Something Wicked This Way Comes
by Ray Bradbury
Tools of Characterization
Actions, or the lack thereof sometimes, help to characterize the two boys and their relationship to one another. Think about the betrayal Will feels, for instance, when Jim slips out of the house for a nighttime adventure without him. Consider how they often alter their natural actions for the sake of their friendship: "Jim running slower to stay with Will, Will running faster to stay with Jim" (3.8). Lastly, think about how Will tries valiantly to prevent Jim from riding the carousel, going so far as to punch his best friend in the nose, and how Jim really does seem to be running off to the carousel every chance he gets. Their actions with respect to one another are a good marker of the health of their friendship.
Actions are also important in defining the character of Charles, who is initially portrayed as a remote, somewhat doddering old man. The extraordinary courage he displays in the face of evil, however, illustrates the changes in his character that occur over the course of the novel.
With names like "Mr. Dark" and "Fury," this one is a biggie. Characters' names are a great indication of their nature. Mr. Dark is a very wicked man. Jim Nightshade is drawn to the dark side. (Also, interestingly, "The Deadly Nightshade" is a kind of poisonous plant that we advise you avoid eating. On that note, we have another study question for you: how might Jim in some ways be "poisonous" to his friend Will?) Tom Fury's specialty was the fury of storms. "Halloway" is almost "Halloween," and Will was born just before the spooky holiday.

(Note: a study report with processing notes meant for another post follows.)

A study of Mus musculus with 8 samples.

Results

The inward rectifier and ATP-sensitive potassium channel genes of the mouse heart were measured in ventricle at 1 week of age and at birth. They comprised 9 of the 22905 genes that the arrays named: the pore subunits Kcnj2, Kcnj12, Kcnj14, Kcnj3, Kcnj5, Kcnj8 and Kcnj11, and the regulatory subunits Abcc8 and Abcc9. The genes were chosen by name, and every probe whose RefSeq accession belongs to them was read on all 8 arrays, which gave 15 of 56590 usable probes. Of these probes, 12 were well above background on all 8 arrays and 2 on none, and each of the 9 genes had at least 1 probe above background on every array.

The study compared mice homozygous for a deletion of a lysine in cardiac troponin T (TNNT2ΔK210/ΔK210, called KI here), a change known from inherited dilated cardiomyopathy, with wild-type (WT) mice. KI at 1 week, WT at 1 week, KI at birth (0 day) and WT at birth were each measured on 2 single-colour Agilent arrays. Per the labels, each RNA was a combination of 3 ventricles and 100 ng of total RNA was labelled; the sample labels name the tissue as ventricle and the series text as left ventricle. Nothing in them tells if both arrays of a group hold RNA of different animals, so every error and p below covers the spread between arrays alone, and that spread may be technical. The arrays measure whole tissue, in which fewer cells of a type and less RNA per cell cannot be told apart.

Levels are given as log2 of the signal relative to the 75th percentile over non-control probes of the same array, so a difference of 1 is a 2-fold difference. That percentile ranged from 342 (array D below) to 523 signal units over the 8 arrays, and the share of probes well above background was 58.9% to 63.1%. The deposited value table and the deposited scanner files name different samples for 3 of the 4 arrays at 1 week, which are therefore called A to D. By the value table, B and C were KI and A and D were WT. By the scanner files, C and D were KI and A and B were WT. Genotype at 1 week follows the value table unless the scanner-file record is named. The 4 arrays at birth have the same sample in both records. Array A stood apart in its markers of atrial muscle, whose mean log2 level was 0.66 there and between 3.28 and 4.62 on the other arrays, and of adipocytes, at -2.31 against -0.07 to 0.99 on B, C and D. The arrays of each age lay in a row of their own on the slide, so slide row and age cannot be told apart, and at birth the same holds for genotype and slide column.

Names are also important when it comes to the carnival freaks' scary names, which are usually related to their particular act. Monsieur Guillotine chops off heads, for instance, and Mr. Electrico gets electrocuted. Mr. Dark is adamant that he is the Illustrated Man, not the tattooed man. We think that Illustrated means that the images on his body have narratives or stories attached; they are illustrations of events that have happened. As most of the images on his body are of the freaks he lured to the carnival, this is a plausible explanation.
Will is blond, while Jim is dark-haired. Guess which one was born before midnight, and which one after, on the day of Halloween? In terms of physical appearance, Will is light while Jim is dark, helping to visually define some of the personality traits we associate with each of them – i.e., Will is unerringly good while Jim is drawn to the dark side.
Don't forget, also, that the way each of the freaks is described physically highlights their truly evil nature. Much has been said elsewhere in the guide about the Witch's "mummy-linen ears" and "dry-rivulet river-sand brow" (44.31). You can also think about how the Dwarf is a "squashed" version of Tom Fury. Shiver.